This week, the attorney for Andrea Yates, the Houston woman accused of killing her five children, announced he would probably seek an insanity defense for his client. Meanwhile, Texas Gov. Rick Perry vetoed legislation banning the execution of mentally retarded offenders. Does the law treat the insane differently than the retarded? And aren't all retarded people automatically protected by an insanity defense?
There is little legal connection between insanity and mental retardation. "Insanity" is a legal term, not a medical one. "Mental retardation" is a medical construct--generally applied to anyone who scores below about 70 on an IQ test. A defendant can be mentally retarded without being legally insane, and vice versa. Still, there is some overlap. Between 20 to 35 percent of all non-institutionalized mentally retarded people have also been diagnosed with some form of mental illness.
Evidence of mental retardation tends to be a factor at two limited phases of a criminal trial: during a preliminary competency hearing, and later--if the defendant proceeds to conviction--to mitigate the severity of the punishment.
Insanity, on the other hand, is a legal defense. Evidence of a defendant's insanity is put on during trial to support a specific legal theory for the defense: that the offender didn't understand what he was doing at the time of the crime. Courts have been clear that the insanity defense and competence to stand trial are wholly independent determinations because they involve a defendant's mental state at different times and because the ultimate questions differ.
The Competency Hearing
Court competency hearings determine whether or not a retarded defendant can: 1) comprehend the nature of the charges again him; and 2) assist in his own defense. If the defendant cannot do so, he will usually be committed to a forensic hospital or, under some state laws, to prison sometimes for life, depending on his crime. These hearings are conducted by judges who rely heavily on psychiatric reports.
An insane defendant may also go through a competency hearing prior to trial. But unlike a severely retarded offender, he may well be deemed competent to stand trial. Since retardation is a permanent condition while "insanity" may be treatable, the insane offender can be often be "made" competent, with medication or therapies, whereas the retarded defendant may not. In the case of Andrea Yates, her attorney suggested today that she is to be stabilized, or rendered competent, in order to plead insanity at trial.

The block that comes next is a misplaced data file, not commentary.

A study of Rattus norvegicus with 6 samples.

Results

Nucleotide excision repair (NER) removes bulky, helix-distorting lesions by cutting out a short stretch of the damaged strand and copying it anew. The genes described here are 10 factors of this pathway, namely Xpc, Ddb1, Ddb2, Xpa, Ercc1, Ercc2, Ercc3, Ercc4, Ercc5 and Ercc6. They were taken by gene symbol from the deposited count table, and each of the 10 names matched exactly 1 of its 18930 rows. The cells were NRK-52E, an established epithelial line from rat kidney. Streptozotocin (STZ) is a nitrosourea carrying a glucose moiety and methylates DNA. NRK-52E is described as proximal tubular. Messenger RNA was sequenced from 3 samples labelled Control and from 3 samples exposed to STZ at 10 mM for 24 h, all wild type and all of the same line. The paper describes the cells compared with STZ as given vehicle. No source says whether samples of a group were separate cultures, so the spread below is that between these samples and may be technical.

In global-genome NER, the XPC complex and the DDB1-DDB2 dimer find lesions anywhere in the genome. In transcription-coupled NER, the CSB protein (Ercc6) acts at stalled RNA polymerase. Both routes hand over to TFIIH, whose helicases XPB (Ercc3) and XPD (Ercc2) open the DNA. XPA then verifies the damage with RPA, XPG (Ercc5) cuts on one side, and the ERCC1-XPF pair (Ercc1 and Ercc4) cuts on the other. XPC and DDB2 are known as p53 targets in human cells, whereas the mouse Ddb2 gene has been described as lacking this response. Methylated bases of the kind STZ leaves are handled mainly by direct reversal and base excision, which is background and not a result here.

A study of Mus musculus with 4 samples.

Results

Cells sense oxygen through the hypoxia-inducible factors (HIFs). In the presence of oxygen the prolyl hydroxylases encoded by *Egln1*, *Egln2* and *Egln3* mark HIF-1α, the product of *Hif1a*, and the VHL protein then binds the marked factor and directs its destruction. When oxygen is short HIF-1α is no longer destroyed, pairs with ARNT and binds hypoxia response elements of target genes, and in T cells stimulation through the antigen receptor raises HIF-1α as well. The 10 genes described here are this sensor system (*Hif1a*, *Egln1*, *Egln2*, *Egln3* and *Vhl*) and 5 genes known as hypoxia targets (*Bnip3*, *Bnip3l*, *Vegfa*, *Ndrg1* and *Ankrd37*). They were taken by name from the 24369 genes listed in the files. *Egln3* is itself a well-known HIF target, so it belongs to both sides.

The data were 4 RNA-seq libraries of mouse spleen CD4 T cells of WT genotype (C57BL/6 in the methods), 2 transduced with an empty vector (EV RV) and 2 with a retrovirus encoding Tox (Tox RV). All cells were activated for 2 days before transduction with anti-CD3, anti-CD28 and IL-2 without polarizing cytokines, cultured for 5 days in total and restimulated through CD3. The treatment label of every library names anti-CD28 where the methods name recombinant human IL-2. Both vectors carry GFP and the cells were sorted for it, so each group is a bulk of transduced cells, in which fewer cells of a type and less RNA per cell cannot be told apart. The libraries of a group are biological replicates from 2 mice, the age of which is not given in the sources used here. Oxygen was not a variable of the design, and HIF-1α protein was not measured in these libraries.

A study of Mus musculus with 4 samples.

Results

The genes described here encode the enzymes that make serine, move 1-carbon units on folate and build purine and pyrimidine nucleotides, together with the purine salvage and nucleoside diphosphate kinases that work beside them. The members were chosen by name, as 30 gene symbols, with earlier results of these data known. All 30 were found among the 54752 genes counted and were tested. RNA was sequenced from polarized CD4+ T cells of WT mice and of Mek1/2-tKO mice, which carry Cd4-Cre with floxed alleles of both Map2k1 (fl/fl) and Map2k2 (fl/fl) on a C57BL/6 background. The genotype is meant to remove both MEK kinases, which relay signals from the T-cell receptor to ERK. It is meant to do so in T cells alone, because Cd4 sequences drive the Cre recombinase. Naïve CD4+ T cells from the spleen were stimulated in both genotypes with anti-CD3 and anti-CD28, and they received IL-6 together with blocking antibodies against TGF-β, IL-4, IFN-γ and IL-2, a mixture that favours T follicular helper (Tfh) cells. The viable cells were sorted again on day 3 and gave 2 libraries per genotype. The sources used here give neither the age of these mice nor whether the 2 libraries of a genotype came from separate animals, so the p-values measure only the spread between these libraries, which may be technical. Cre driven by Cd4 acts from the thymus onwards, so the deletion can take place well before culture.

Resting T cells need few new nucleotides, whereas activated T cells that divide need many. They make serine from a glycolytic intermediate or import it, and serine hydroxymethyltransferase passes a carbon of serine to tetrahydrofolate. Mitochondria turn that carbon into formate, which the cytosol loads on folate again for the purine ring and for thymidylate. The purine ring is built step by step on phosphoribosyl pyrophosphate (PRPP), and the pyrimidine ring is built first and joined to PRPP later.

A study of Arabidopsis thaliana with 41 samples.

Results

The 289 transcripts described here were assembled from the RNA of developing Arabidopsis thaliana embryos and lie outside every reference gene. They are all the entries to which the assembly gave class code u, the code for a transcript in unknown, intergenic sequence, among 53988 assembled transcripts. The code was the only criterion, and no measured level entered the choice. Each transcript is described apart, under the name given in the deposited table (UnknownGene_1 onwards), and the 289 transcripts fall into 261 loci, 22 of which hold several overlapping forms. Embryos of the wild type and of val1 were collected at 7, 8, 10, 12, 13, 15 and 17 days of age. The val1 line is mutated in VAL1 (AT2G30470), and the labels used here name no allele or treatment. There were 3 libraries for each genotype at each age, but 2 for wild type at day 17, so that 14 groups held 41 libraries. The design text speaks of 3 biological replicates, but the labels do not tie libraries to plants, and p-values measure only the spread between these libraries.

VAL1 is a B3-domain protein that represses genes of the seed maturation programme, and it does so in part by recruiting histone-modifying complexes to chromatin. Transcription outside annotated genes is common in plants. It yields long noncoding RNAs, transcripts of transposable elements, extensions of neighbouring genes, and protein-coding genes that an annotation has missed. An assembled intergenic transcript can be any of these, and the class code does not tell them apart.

The Insanity Plea
An insane defendant found competent to stand trial still has the option of pleading "not guilty by reason of insanity," a term which dates back to English common law. M'Naghten's Rule--still the test for legal insanity in about a third of the states--derives from an 1843 case involving a man who shot Prime Minister Robert Peel's secretary in the mistaken belief that the man was Peel. M'Naghten's rule holds that a person is insane if "at the time of committing the act, he was laboring under such a defect of reason from disease of the mind as not to know the nature and quality of the act he was doing, or if he did know it, that he did not know what he was doing was wrong." About half the states use a more lenient standard than this "right versus wrong" test to determine insanity, specifically whether "the defendant could have known of the criminality (wrongfulness) of his conduct or conform his conduct to the requirements of law." In Texas, where Andrea Yates' lawyer is contemplating using the insanity defense, the more stringent M'Naghten rule is used.
Most mentally retarded people are not found to be legally insane. Death penalty scholars believe that when President Bush recently announced in Europe that he opposes executing retarded offenders, he was confusing Texas' insanity test with the competency test.
While the public believes that some famous insanity pleaders, including the Unabomber, Lorena Bobbitt, and most notoriously, John Hinckley, "fake" insanity to avoid punishment, a 1991 study by the NIH showed that just under 1 percent of defendants pleaded not guilty by reason of insanity, and that only one in four of those pleas resulted in an acquittal. Even if a defendant can prevail on an insanity defense, she'll most likely be confined to a hospital for the severely mentally ill for a longer or equivalent period of time to her likely prison sentence.
Since the death penalty was reinstated in 1976, at least 35 mentally retarded defendants have been executed in the United States. In 1989, the Supreme Court ruled that it was OK to execute the mentally retarded because there was no "national consensus" against the practice. They have agreed to revisit that issue next term, in part because in 1989, only two states barred executing the mentally retarded. Today, 15 states prohibit it, with Gov. Jeb Bush in Florida having just signed such a bill last week.
Even if found competent to stand trial, a defendant has the right to bring in evidence of his mental retardation at the sentencing phase of the hearing. Juries can determine at that time whether an offender's mental retardation should be a mitigating factor in penalizing him.
Explainer thanks Professor Richard Bonnie at theUniversityofVirginialaw school.